The curse of sleep deprivation—anything less than seven or eight hours of shut-eye at night leaves most adults struggling to function at best and cranky at worst. Maybe some people have even dreamed of what could be accomplished if the body didn’t require so much rest.
But for many members of the Johnson family, including Elder Paul V. Johnson who will soon be a member of the Presidency of the Seventy, they don’t dream of such things—it’s their reality.
A CNN article recently highlighted the Johnsons, a Latter-day Saint family of eight children. Of those kids, more than half only needed about five hours of sleep at night. But even that is an understatement; not only did they need little sleep to function, but they could be extremely productive with the amount of rest they received. As children, in the early morning hours, they would participate in all kinds of activities from practicing basketball to reading to pursuing other hobbies. And even now as adults, their sleep schedule hasn’t changed.
“I’ve never been normal when it came to sleep,” Brad told CNN. “Other people, even some of my siblings, slept eight, nine, 10 hours a night. I just couldn't do it, it was physically impossible. If you paid me a million dollars to sleep eight hours tonight, I couldn't.”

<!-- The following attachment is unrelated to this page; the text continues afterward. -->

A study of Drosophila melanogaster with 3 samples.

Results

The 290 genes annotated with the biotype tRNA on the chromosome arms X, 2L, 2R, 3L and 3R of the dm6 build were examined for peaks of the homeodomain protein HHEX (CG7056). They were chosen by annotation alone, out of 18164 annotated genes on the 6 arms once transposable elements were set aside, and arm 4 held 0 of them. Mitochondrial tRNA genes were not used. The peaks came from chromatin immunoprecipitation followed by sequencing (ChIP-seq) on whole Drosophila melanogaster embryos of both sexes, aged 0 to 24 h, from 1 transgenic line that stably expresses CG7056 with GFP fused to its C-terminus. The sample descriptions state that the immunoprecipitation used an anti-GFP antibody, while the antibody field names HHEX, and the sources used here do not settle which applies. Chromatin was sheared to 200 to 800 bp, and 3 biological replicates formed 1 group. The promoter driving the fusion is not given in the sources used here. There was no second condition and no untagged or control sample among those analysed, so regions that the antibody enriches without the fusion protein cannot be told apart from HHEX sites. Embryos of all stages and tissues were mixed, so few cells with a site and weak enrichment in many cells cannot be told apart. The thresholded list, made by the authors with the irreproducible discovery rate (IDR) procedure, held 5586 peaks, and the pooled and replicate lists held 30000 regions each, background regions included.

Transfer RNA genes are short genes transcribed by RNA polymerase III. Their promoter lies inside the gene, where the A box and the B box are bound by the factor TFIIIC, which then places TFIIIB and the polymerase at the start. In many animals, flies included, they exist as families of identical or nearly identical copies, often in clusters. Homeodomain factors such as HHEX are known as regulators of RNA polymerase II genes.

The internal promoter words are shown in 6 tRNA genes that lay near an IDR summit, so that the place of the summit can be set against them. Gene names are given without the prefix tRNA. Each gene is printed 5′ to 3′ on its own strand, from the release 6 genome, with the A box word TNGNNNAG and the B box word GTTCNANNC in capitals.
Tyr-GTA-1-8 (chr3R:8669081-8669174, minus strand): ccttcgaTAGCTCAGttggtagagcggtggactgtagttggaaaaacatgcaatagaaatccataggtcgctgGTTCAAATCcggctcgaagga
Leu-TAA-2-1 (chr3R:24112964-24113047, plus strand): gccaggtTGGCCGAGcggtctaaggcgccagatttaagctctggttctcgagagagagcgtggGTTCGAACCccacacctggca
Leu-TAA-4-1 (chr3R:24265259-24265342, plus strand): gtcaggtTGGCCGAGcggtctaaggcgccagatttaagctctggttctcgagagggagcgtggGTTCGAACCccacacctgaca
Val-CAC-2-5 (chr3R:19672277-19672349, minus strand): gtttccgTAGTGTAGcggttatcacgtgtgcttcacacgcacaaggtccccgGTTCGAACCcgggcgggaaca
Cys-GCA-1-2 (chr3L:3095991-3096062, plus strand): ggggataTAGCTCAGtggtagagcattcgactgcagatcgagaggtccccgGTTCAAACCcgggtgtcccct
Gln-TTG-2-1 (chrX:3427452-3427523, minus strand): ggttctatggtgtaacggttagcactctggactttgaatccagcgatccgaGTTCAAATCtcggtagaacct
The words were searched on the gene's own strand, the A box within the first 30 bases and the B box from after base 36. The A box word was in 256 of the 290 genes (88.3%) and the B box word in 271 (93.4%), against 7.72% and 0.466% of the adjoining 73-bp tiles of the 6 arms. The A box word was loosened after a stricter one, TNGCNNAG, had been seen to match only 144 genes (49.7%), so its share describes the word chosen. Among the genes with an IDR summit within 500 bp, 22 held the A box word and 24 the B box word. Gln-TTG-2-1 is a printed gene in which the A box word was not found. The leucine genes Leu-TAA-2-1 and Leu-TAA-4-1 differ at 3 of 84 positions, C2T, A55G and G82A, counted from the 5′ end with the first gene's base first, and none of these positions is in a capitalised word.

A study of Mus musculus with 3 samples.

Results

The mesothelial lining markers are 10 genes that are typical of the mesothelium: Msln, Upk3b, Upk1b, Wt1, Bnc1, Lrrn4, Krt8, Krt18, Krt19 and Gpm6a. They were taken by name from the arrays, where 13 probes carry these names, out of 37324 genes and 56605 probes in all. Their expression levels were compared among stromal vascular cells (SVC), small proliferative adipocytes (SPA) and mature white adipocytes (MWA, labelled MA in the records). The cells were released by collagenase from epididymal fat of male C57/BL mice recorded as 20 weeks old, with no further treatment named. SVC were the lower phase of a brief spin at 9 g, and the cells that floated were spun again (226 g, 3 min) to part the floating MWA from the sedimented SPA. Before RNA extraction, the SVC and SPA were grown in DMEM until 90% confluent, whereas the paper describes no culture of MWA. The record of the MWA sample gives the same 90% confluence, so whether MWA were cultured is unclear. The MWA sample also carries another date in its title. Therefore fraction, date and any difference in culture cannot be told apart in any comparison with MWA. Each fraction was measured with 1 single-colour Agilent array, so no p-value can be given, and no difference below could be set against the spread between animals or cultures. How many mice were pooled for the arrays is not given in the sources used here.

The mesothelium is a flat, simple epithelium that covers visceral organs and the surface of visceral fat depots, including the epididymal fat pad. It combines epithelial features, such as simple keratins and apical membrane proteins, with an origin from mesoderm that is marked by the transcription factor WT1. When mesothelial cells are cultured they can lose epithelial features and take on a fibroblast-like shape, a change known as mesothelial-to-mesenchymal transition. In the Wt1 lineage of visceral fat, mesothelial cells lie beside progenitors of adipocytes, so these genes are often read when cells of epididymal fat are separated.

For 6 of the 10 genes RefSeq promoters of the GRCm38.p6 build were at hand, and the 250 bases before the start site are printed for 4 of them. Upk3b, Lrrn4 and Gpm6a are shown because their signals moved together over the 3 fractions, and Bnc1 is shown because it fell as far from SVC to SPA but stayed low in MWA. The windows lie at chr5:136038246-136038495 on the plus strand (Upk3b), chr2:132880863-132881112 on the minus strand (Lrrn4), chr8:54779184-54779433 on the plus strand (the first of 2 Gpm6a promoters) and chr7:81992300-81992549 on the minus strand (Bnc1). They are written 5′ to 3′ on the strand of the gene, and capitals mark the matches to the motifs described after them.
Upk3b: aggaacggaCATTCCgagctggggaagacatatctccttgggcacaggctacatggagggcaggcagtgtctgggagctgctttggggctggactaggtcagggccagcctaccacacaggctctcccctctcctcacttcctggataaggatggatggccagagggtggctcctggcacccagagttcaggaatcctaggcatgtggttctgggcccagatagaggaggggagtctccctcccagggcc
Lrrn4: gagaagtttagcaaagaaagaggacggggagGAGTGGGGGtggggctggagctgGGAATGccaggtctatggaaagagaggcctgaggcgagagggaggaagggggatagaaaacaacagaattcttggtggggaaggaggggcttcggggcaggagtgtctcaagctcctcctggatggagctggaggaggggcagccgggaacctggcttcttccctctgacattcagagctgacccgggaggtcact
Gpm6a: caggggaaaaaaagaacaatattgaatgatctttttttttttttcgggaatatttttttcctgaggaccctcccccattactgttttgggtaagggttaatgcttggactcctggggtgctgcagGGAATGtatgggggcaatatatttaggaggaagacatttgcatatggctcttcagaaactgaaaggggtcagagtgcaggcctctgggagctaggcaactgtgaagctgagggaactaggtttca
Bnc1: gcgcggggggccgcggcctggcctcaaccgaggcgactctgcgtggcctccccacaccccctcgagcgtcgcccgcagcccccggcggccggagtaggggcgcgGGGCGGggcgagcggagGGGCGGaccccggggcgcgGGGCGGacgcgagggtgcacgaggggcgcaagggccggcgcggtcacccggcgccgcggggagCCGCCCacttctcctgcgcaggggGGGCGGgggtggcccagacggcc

The trait seems to have been inherited from their father, who was also slept little. On the other hand, their mother and three other siblings could easily sleep the night away. But how did the five Johnson siblings get so lucky? Back in 2005, Chris Jones, now an emeritus professor of neurology at the University of Utah, collected the family’s blood and DNA samples. Since then, it has been determined that the Johnsons have what scientists call the “short sleep gene,” and in 2009, a finding was published on the topic.
“There was a mutation in the gene DEC2 which caused short sleepers to stay awake longer. Since then, the team has discovered two more genes—an ADRB1 mutation and a NPSR1 mutation—which alter neurotransmitters in the human brain to create short sleep,” CNN wrote.
In addition to creating short sleep, research has shown that this gene mutation is also associated with positive personality traits. Short sleepers are often ambitious, positive, outgoing, and optimistic. Many short sleepers who were tested also tackled big projects like running marathons. Another decided to build a violin and actually accomplished it.
Although they previously wondered whether they had a sleeping disorder, being “short sleepers” has come in handy for the Johnsons. Whether that’s professionally, in picking up new hobbies, or in volunteering for the Church, it has helped them accomplish many things in their lives. Brad Johnson also told CNN it’s been a “true gift,” giving him more time each day to do the things he loves with the people he loves.
Read more about the Johnsons and the short sleep gene at CNN.